Shuttle Enterprise arrives at new Smithsonian museum
BY JUSTIN RAY
Posted: November 20, 2003
The space shuttle Enterprise, NASA's prototype orbiter that performed landing tests in the 1970s, on Thursday was moved to the National Air and Space Museum's new Steven F. Udvar-Hazy Center where it joins other famous aircraft for the facility's opening next month.
The Smithsonian Institution's new museum, located at the Washington Dulles International Airport in Virginia, will be opened December 15 in conjunction with the 100th anniversary celebrations commemorating the first powered flight by the Wright brothers.
The craft was later used for vibration tests at Marshall Space Flight Center in Alabama and for launch complex fit checks at Kennedy Space Center in Florida and Vandenberg Air Force Base in California.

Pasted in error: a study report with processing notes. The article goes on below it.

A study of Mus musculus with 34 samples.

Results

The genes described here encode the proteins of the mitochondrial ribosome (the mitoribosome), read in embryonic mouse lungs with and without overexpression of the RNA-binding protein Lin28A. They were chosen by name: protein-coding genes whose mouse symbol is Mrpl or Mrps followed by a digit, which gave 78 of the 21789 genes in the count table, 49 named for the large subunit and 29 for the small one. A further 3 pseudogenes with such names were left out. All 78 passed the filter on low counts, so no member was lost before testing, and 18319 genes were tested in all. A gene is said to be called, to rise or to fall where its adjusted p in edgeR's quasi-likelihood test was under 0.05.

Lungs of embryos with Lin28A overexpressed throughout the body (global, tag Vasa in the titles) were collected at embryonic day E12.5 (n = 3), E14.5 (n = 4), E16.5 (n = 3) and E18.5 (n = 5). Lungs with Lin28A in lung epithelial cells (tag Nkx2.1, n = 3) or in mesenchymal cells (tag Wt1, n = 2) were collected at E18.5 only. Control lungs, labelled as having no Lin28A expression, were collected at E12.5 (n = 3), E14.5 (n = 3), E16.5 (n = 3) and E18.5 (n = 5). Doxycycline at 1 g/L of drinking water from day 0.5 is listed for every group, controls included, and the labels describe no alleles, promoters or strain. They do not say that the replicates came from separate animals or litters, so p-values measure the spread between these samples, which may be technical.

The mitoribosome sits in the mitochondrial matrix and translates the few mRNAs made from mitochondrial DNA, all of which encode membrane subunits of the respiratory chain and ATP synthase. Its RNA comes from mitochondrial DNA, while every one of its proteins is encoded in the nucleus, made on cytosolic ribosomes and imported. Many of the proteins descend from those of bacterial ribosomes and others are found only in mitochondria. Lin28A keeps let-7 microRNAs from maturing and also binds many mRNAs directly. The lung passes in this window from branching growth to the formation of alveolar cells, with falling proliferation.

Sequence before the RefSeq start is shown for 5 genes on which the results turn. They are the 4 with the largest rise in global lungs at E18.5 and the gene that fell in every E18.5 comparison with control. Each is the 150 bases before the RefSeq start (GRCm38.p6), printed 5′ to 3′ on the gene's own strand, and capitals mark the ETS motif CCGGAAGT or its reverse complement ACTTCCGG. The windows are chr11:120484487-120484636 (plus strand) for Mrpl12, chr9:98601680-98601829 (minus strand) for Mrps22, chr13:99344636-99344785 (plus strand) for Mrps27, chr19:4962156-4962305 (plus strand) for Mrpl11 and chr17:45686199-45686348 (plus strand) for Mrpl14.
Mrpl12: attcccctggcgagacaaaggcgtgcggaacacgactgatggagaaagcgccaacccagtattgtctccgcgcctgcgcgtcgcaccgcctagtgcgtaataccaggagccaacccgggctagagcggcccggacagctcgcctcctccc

In 1985, NASA transferred Enterprise to the Smithsonian Institution's National Air and Space Museum. Since then, Enterprise has been in temporary storage at Washington's Dulles International Airport pending completion of the Museum's new center there.
Earlier this year, several of Enterprise's wing-leading edge panels were removed while engineers conducted foam impact testing during the Columbia accident investigation.
The Steven F. Udvar-Hazy Center will include an aviation hangar, observation tower, IMAX theater, classrooms and food court. The James S. McDonnell Space Hangar will be completed by opening day with Enterprise installed and visible. However, the space hangar will not be accessible to the public for several months as Enterprise undergoes refurbishment and other artifacts are installed, officials said.
Some 200 aircraft and 135 large space artifacts will ultimately be on display at the center, including the B-29 Superfortress Enola Gay, an SR-71 Blackbird reconnaissance plane, Dash 80 prototype of the Boeing 707 and F-4 Phantom.